Bryce Harper, the youngest non- pitching All-Star in Major League Baseball history, has hitting statistics that so far exceed Ken Griffey Jr. and Alex Rodriguez, two potential Hall of Famers who also entered the big leagues before they turned 20.
Harper, the Washington Nationals’ 19-year-old outfielder, replaced injured Giancarlo Stanton of the Miami Marlins on the National League roster for tonight’s game in Kansas City. He enters the All-Star break with a .282 batting average, eight home runs and a .354 on-base percentage in 248 at-bats.
Harper, who turns 20 on Oct. 16, was told he was an All- Star by Nationals manager Davey Johnson and General Manager Mike Rizzo on July 7. Though Dwight Gooden and Bob Feller were younger All-Stars, he’ll surpass Minnesota Twins catcher Butch Wynegar as the youngest non-pitcher.
“When Davey called me over, I was thinking I was either going down (to the minor leagues), because Rizzo and everybody was over there, or the All-Star Game,” Harper told reporters. “Good thing it was the All-Star Game.”
Harper’s slugging percentage -- total bases divided by at- bats -- is .472, higher than that of Griffey, Rodriguez, Adrian Beltre and Edgar Renteria for their complete rookie seasons as 19-year-old major leaguers, according to Bloomberg Sports data.
Griffey, who reached the majors in 1989 with the Seattle Mariners, had a .264 batting average and a .420 slugging percentage with 16 homers in 455 at-bats. The 13-time All-Star averaged a home run every 28.4 at-bats as a rookie, slightly better than Harper’s 30.5. Griffey became an All-Star at the age of 20 and retired in 2010. His 630 home runs are sixth most in major league history.
The New York Yankees’ Rodriguez, whose 642 home runs are fifth on the major league career list, is a 14-time All-Star who first saw big-league action as an 18-year-old with the Mariners in 1994. At 19 he had 142 at-bats, posting a .232 batting average with five home runs, a .264 on-base percentage and a slugging percentage of .408.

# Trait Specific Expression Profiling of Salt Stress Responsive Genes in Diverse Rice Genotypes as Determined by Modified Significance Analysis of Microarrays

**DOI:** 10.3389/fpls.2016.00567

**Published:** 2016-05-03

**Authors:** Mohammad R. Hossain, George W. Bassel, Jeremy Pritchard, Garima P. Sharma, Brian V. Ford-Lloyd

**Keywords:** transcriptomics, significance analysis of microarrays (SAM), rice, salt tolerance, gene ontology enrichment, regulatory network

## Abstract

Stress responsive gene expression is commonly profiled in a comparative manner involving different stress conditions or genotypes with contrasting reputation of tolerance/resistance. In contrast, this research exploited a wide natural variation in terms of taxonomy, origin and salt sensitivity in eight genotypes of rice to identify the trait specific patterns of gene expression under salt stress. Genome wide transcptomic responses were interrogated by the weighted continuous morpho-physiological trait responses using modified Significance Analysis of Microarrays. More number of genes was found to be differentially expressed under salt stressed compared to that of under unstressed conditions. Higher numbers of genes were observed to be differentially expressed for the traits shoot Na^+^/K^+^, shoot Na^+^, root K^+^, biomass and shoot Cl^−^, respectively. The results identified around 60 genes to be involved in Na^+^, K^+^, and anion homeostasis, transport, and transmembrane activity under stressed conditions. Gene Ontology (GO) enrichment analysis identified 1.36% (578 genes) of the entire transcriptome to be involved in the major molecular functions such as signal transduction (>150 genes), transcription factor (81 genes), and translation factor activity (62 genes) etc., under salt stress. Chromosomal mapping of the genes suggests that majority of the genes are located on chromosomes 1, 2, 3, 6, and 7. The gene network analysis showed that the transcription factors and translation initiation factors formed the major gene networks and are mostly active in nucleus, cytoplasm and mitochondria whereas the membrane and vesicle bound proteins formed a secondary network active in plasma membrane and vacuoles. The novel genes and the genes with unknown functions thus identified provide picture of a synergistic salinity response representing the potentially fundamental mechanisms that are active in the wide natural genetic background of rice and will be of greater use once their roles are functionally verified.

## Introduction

Beltre, the Texas Rangers’ third baseman who will start for the American League tonight, entered the majors in 1998 as a 19- year-old with the Los Angeles Dodgers. He hit .215 that season with seven homers, an on-base percentage of .278 and a slugging percentage of .369. Beltre didn’t become an All-Star until 2010.
Renteria, a five-time All-Star who retired in 2011, joined the Florida Marlins as a 19-year-old in 1996. He had 431 at-bats that year, hitting .309 with five homers, a .358 on-base percentage and a .399 slugging percentage. Renteria was named to his first All-Star Game at age 21.
“I’m excited to be out there with those kinds of guys,” said Harper, baseball’s No. 1 draft pick in 2010 who was called up from Triple-A Syracuse in April and helped lead the Nationals to an NL-best 49-34 record at the break. “I’m going to take it all in and try to enjoy it with my family and just be as mellow and calm as I can.”